The Outliers Fit In

The OutliersThe Outliers, as the name of this North Carolina band might suggest, aren’t afraid to stray beyond the bounds of bluegrass for their self-titled debut CD.

It’s evident in the song selection, especially on Shout – a pop hit for Tears for Fears in 1984 – While Listening to Rock and Roll, and some of the folk-sounding cuts from band member Hank Bowman, especially Karmic Jail and the project’s opening number, Waitin’. Most of the five songs Bowman contributed are moody and contemplative. I’m thinking it’s no accident that his publishing company is named Deep Zen Music.

But the band is at its best on this project when it sticks to familiar but not over-trodden bluegrass turf.

Come Hither to Go Yonder, a Bill Monroe instrumental, is close to bluegrass perfection, driven by Stan Brown’s excellent work on the five-string and the guest fiddling of Greg Luck. Other standout efforts include I Long for the Hills, written by Tim O’Brien during his Hot Rize days and Carter Stanley’s Going to the Races. This is bluegrass performed at a high level.

The uptempo songs showcase the band’s picking talents to the fullest. The only complaint from here is that there aren’t enough of them, and they’re all on the second half of the 14-song recording. I kept waiting for the band to stretch out and pick up the pace. And when it happened, it was worth the wait.

Brown, who made a few appearances with Bill Monroe and had a successful run in Nashville, can more than hold his own in just about any setting. His banjo work is some of the best I’ve heard on a recording this year this side of Ronnie Stewart. Joining Brown and Bowman to round out the Outliers are Brad Martin on mandolin (and soothing lead vocals on a couple of tracks) and Julie Brown on bass. (While the band’s version of Shout didn’t push many buttons for me, her bowed bass work was spot on.)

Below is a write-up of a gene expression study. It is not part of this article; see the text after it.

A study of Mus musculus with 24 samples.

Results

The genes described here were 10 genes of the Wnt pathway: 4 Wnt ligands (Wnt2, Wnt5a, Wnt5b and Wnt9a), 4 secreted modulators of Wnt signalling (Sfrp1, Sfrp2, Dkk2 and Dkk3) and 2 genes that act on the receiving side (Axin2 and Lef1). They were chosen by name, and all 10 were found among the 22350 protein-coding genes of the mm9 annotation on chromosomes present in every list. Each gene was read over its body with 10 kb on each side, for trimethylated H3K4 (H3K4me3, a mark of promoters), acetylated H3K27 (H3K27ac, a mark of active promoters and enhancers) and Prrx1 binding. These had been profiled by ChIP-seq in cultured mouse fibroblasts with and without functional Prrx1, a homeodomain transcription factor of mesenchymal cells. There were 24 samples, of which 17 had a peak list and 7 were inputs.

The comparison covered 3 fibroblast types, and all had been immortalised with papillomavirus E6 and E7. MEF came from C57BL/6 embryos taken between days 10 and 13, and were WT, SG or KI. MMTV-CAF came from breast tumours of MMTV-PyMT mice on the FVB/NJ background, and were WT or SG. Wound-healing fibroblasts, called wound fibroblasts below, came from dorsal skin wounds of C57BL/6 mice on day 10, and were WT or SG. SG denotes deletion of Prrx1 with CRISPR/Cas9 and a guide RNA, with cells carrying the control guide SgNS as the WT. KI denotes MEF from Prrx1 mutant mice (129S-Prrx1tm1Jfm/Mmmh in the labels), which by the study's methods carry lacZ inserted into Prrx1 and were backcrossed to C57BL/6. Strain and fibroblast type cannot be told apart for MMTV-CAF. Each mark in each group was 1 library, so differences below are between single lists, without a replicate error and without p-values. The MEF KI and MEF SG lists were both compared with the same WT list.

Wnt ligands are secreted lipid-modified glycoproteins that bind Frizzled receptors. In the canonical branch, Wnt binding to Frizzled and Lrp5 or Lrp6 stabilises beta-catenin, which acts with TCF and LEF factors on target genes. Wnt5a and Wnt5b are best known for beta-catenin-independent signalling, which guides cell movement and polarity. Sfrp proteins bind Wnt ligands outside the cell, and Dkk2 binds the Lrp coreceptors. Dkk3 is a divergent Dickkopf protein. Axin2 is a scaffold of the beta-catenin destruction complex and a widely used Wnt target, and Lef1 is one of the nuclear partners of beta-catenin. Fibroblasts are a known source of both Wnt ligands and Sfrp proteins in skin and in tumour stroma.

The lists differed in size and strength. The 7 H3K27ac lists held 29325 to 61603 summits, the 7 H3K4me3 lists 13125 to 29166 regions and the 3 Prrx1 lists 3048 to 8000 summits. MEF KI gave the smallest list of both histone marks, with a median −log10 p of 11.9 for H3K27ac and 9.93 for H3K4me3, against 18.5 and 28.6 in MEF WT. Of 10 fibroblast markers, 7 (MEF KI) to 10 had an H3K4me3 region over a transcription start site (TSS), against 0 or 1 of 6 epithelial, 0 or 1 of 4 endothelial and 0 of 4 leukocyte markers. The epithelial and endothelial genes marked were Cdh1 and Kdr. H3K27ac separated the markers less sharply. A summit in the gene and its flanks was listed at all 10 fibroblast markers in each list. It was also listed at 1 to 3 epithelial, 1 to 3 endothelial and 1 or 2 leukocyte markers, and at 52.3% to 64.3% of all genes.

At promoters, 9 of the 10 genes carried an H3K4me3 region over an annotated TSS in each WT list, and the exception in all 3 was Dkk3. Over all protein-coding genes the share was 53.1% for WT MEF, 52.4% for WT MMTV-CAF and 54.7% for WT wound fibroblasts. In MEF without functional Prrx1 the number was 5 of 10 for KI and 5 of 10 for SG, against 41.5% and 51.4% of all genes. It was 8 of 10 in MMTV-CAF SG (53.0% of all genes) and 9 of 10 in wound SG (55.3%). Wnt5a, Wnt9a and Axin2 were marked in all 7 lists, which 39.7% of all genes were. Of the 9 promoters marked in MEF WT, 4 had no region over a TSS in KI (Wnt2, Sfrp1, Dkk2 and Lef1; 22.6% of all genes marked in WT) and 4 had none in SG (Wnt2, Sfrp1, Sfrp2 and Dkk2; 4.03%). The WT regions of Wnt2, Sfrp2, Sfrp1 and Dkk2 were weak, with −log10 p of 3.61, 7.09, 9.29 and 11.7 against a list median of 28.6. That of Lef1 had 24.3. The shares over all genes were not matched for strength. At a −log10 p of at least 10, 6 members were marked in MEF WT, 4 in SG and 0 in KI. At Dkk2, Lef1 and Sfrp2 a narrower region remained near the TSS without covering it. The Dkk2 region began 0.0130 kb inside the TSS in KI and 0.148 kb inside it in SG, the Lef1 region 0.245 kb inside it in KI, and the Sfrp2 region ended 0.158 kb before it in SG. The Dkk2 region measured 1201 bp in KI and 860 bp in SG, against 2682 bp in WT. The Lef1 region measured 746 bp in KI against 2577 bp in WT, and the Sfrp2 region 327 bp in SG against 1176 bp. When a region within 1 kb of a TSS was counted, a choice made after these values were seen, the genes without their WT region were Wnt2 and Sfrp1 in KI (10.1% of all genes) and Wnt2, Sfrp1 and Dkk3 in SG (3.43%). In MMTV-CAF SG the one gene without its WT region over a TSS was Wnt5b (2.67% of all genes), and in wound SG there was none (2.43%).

On the band’s web site, Bowman writes that the band “came together at a perfect time for us to experiment and explore with acoustic music free from any outside expectations.”

If you temper your own expectations and wade through some of the experiments, you’ll be rewarded with some first-rate bluegrass. All in all, this is a pleasant debut by a band that we’re likely to hear more from down the road.


David Morris

David Morris is a Washington, D.C.-based journalist, songwriter and upright bass player. He has spent much of his career as a wire service political reporter, including nearly 14 years with The Associated Press and a stint as chief White House correspondent for Bloomberg News, and has recently retired as senior editor for Kiplinger Washington Editors.